How Two New England Architects Saved the White House, Part I

Imagine the White House today with a sunken living room, Danish modern furniture and plywood paneling. The historic old building might have been redesigned in Mid-Century Modern had it not been for the preservation efforts of two architects born and trained in New England.


President Truman with the Commission on the Renovation of the Executive Mansion. Left to right: Major General Glen E. Edgerton, Representative McGregor, Senator Kenneth McKellar, Richard E. Dougherty, the president, Mr. Douglas W. Orr, Representative Louis C. Rabaut, Senator Edward Martin. Courtesy National Park Service.

Few people realize the White House had fallen into serious disrepair by 1948. President Harry Truman moved out for three years while workers gutted the building to its exterior walls. They quietly buried most of the original paneling and fixtures in a Virginia landfill.

The public was led to believe the Executive Mansion had been restored. Even Hillary Clinton thought she’d walked down hallways Lincoln had walked. She hadn’t.

It could have been worse. The building might have been razed, if some members of Congress had their way. They wanted to build a modern new house for the President.  (And remember, this was the 1950s.)

“People don’t realize how close they came to losing the White House,” said Robert Klara, author of The Hidden White House: Harry Truman and the Reconstruction of America’s Most Famous Residence.

Klara credits Lorenzo Winslow and Douglas Orr with preserving the historic character of the mansion – to the extent it was preserved.

Harry Truman


Cracks discovered in the north brick wall of the West Sitting Hall revealed during the engineering inspection in 1948. Courtesy National Park Service.

Most people know how Jackie Kennedy restored the White House, but few know she was simply finishing the job Harry Truman started.

Franklin Roosevelt had neglected the upkeep of the White House during the Depression and World War II. The Army Corps of Engineers cautioned him about failing wooden supports, crumbling masonry and major fire hazards. Roosevelt ignored the warning.

After Roosevelt died in 1945, Harry Truman, his wife Bess and daughter Margaret toured the White House before moving in. They were shocked by the cracked, dingy walls and the furniture that belonged in a third-rate boardinghouse. “The White House upstairs is a mess,” wrote Margaret in her diary after their visit. “I was so depressed when I saw it.”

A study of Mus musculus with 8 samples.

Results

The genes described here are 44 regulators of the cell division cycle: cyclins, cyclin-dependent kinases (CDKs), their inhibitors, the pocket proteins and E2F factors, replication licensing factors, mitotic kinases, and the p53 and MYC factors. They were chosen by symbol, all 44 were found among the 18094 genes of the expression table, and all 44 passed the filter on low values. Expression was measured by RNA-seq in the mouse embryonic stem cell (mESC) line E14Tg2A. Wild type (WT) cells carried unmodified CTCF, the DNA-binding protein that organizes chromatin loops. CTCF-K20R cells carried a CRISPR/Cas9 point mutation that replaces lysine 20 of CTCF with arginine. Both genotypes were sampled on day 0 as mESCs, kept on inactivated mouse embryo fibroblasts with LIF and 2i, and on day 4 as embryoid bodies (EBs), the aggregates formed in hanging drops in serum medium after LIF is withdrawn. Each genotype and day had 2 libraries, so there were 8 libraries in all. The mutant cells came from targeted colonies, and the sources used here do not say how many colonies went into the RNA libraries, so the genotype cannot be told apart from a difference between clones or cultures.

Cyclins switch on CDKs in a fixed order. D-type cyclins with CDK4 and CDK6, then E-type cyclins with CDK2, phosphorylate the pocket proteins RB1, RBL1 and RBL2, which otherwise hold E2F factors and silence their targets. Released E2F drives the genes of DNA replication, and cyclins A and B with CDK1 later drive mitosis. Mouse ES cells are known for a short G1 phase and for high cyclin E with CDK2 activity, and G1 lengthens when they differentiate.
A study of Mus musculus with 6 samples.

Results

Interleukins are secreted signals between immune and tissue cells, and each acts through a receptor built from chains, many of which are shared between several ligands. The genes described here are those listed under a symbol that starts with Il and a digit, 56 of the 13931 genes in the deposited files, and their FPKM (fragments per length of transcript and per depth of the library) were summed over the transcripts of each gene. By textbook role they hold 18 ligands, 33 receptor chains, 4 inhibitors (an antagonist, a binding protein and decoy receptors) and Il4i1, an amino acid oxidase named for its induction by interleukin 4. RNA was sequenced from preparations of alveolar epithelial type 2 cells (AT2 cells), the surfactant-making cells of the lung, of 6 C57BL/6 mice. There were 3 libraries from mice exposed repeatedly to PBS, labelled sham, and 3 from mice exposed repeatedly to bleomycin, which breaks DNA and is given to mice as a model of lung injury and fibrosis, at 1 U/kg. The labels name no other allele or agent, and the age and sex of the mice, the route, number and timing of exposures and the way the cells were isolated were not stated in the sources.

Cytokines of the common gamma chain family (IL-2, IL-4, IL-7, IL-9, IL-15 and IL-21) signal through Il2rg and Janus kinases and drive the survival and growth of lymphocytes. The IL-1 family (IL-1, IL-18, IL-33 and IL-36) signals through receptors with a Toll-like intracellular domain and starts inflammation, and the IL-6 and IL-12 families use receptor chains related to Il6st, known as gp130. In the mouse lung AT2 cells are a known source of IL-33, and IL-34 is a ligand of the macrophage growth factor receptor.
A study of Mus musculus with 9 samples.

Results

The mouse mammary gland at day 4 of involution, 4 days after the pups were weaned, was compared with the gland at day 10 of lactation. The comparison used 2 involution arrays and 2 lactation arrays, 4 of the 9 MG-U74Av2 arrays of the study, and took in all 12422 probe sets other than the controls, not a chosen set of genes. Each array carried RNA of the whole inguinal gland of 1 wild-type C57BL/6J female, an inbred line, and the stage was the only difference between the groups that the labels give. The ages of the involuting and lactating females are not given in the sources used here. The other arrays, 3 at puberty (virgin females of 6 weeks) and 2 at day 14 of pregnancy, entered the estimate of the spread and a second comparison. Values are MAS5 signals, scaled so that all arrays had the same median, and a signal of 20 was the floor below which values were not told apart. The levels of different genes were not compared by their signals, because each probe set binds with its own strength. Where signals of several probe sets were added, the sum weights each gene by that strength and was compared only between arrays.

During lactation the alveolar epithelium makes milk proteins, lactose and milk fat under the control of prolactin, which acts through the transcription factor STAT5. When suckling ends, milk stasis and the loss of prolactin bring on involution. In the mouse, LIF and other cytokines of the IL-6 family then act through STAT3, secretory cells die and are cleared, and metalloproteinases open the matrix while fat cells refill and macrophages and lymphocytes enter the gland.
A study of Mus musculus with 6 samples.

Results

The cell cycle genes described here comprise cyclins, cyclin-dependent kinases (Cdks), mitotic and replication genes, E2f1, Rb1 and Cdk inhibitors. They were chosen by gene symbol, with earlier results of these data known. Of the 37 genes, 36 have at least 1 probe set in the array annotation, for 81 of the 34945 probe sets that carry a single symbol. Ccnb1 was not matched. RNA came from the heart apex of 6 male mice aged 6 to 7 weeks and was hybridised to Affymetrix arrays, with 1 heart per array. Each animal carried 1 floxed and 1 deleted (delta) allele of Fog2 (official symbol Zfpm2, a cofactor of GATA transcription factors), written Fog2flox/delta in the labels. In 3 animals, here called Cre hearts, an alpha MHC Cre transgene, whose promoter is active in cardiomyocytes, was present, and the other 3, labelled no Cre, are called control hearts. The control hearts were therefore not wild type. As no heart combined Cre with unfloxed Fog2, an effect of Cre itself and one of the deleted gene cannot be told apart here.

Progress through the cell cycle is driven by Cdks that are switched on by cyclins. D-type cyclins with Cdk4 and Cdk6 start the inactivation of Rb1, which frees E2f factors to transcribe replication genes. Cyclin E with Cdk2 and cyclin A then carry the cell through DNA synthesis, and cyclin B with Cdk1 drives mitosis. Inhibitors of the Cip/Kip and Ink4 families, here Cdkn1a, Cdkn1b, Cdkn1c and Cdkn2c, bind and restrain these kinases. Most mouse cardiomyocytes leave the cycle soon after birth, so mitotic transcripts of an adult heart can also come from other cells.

Shortly after the Trumans moved in they began to notice the White House ghosts.  The floors heaved like the deck of a schooner. Half-ton chandeliers swayed, stretched and danced above the heads of guests oblivious to the danger. Draperies moved and groans emanated from the old walls.

Harry Truman eventually realized it was the sound of the mansion slowly collapsing.

In 1948 Truman was taking a bath on the second floor when his valet walked in and the floor buckled. Truman envisioned the tub falling onto the DAR tea party below, ‘wearing nothing more than his reading glasses.’

Then one day in June daughter Margaret was playing the piano in her sitting room when a piano leg plunged through the floor and through the ceiling of the family dining room below.

Abusing the White House


Demolition work in 1950 exposed architect James Hoban’s original plaster cornice beneath the cornice from the 1902 Theodore Roosevelt renovation by McKim, Mead and White. Courtesy National Park Service.

Franklin Roosevelt wasn’t the only president responsible for the disrepair of the White House.

The original architect hadn’t built foundations for the heavy interior walls, which sat on soft clay and gravel. The British burned the building in 1814, and scorched wooden beams were reused in its remodeling. Successive presidents had structural supports cut through to add indoor plumbing, gas lighting, electric wiring and heating ducts. Old water pipes, gas pipes and heating ducts were left in place, adding weight to the building.

In 1902, Teddy Roosevelt’s renovation and expansion of the White House took out a load-bearing wall. And in 1927, Calvin Coolidge added a concrete-and-steel third floor under a rebuilt roof, transferring weight to the unsupported interior walls.

Part of the problem was that work had to be done quickly because presidents were only guaranteed to live in the White House for four years.

By 1948, some said the White House was standing only from the force of habit.

By the time Margaret Truman’s piano leg fell through the floor, her father had quietly asked engineers and architects to investigate the White House’s condition. Truman didn’t want to publicize the sorry state of the building. Despite his dismal approval ratings, he was running for re-election.  He knew the image of a collapsing White House was an apt metaphor for his plummeting popularity.

Parking Garage

Inside the White House during renovation. Truman wrote it was just a shell. Courtesy National Park Service.

Inside the White House during renovation. Truman wrote it was just a shell. Courtesy National Park Service.

Harry Truman shocked pollsters by winning the 1948 presidential elections. After a summer of campaigning, the Trumans were ready to move back into the Executive Mansion. By then, investigators believed the White House was in imminent danger of collapse. They said it was too dangerous for the First Family to live in.

For the next three years, the Trumans lived in the Blair House across from the White House. It was dangerous there, too, because the house was so close to the sidewalk.

Demolition of the White House interior began without fanfare in December 1949. Fences were built around the building so the public couldn’t know what was going on inside them.

“It’s surprising that people have no idea what happened to it,” Klara said.

End of Part I of this story. Click here for Part II. This story last updated in 2021.